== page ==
On Monday, along with his fellow Democratic electors in Albany, New York, Bill Clinton cast an electoral vote for his wife, Hillary Clinton. The former president of the United States cast the first vote for the state of New York. He was one of 29 electors whom Clinton earned with her popular vote victory in the Empire State.
Following the vote, Clinton spoke to reporters about the election. “You know, I’ve watched her work for two years,” he said. “I watched her battle through that bogus email deal, be vindicated at the end when Secretary Powell came out. She fought through that. She fought through everything. And she prevailed against it all but at the end we had the Russians and the FBI deal and she couldn’t prevail against them.” Clinton was referring to the ongoing problems his wife’s campaign had with hacks, leaked emails, and investigations by the FBI into her private server, all of which followed her throughout the election cycle.
“She did all that and still won by 2.8 million votes,” he added.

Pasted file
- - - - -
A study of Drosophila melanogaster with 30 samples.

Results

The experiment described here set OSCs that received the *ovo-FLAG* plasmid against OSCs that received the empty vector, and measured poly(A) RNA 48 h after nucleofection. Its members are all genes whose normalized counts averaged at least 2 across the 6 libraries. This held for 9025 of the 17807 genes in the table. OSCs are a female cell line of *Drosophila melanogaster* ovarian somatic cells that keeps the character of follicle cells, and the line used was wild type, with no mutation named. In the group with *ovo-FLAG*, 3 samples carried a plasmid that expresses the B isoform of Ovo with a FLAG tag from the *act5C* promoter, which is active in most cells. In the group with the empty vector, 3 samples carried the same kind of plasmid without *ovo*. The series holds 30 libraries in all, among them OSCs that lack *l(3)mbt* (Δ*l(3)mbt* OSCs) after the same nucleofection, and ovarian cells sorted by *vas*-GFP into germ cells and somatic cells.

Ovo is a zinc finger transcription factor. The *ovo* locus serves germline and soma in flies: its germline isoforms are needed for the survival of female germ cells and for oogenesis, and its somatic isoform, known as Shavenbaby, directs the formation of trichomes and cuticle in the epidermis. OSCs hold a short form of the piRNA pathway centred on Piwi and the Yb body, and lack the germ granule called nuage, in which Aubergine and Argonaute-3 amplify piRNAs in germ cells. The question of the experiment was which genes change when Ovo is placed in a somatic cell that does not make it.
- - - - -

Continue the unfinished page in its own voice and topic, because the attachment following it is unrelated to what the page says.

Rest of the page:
New York Gov. Andrew Cuomo, who served as chair for the state’s 2016 Electoral College, said there was “a bittersweetness” to the day’s events, and expressed thanks to Clinton for coming in person to cast his vote. “It couldn’t be easy for him to go through this proceeding, to see the Electoral College elect his wife but to know there’s a different outcome for the nation,” Cuomo said. “He was very gracious. He was very kind. He was in good spirits.”
The slates of electors that make up the Electoral College are meeting across the country on Monday to cast the votes that will officially elect Donald Trump as the 45th president of the United States. Trump won an Electoral College victory on Nov. 8, even though he lost the national popular vote by 2.8 million. It’s the second time in 16 years that the Republican nominee has won the presidency despite losing the popular vote.
As a result, many have been calling on the Electoral College to override the results of the election. The most cohesive group was arguably the so-called “Hamilton Electors." They relied on Alexander Hamilton’s vision of the Electoral College as a check against demagoguery. As of Monday afternoon, however, reports of defecting Electors were scarce. Faithless elector attempts in Colorado and Maine were effectively blocked, with one Hamilton elector, Michael Baca, being replaced in the former instance and David Bright switching his vote to Clinton in the latter.
Still, for Bill Clinton, despite the bittersweetness of the event, he said he was happy he got to cast his Electoral College vote for his wife. “I’ve never cast a vote I was prouder of,” the former president said.